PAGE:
Attacking our pc router at work

Michal Mertl michal.mertl at
Wed Apr 5 13:19:16 UTC 2006

Mark Jayson Alvarez wrote:
> Hi,

>    I have one question. What if I change my ip and mac address at the
>  same time to that of our pcrouter's ip and mac... Will this going to
>  kick out that router in our network, causing the rest of the entire
>  lan to be out of service?? No one's gonna caught me right?? Arpwatch
>  can only watch if an ip address has moved to another mac address but
>  not when both ip and mac has moved to another ip and mac... Do you
>  know any possible solution to this??  

Your question is off topic for this list.

Use inteligent switches (not hubs) and port security (you can allow only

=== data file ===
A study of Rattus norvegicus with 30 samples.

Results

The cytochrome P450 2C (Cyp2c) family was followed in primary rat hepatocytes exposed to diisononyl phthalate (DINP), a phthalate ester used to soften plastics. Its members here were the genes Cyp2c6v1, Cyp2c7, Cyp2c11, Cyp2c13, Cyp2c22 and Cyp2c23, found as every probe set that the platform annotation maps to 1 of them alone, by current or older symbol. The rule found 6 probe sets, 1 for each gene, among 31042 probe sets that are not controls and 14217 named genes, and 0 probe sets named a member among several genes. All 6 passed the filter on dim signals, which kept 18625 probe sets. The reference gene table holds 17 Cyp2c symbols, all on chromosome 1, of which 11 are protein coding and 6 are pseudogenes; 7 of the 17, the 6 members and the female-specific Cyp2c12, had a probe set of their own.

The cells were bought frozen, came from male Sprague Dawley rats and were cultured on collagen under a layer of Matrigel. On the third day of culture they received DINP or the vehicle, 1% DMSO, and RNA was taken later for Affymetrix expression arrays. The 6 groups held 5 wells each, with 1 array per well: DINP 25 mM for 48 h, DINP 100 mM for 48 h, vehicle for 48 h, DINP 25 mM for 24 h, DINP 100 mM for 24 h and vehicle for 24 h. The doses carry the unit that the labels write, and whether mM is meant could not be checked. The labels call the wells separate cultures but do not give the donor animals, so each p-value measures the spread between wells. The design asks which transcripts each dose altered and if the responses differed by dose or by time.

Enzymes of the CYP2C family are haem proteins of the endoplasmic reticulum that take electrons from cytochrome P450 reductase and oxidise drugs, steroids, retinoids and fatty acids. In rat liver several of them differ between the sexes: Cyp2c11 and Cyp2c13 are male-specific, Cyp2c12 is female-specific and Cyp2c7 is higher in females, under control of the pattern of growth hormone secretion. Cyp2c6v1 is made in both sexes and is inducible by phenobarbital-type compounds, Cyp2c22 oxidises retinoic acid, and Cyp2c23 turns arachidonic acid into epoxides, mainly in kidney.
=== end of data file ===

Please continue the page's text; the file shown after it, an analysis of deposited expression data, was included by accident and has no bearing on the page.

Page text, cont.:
a specific MAC address behind a switch port). You could also use static 
entries on the switch for some MAC addresses (entry on a switch is a MAC
address + port behind which the address can be found) but that isn't as
safe. An attacker can generate traffic with lots of source MAC
addresses. Every switch has limited memory to store the MAC addresses
and usually when the table is full it starts working as a hub. A
sophisticate attacker may still be able to contaminate end stations - if
he sends a gratuitous ARP reply to a station where he pretends he is the
router (changes the MAC address), he will receive the traffic for the
router and can also then make man-in-the-middle attacks (insert himself
into forwarding chain of the station).

More sophisticated solution is using 802.1x - port-based authentication
- a switch will only start forwarding traffic to you once you
authenticate and you of course shouldn't be able to authenticate as the

On FreeBSD you can disable ARP and/or create static ARP entries and it
will protect you a little but you also need to configure some protection
on the network infrastructure.

It's quite a complex issue to protect against this type of attack and I
am no real guru so please take what I said with a grain of salt.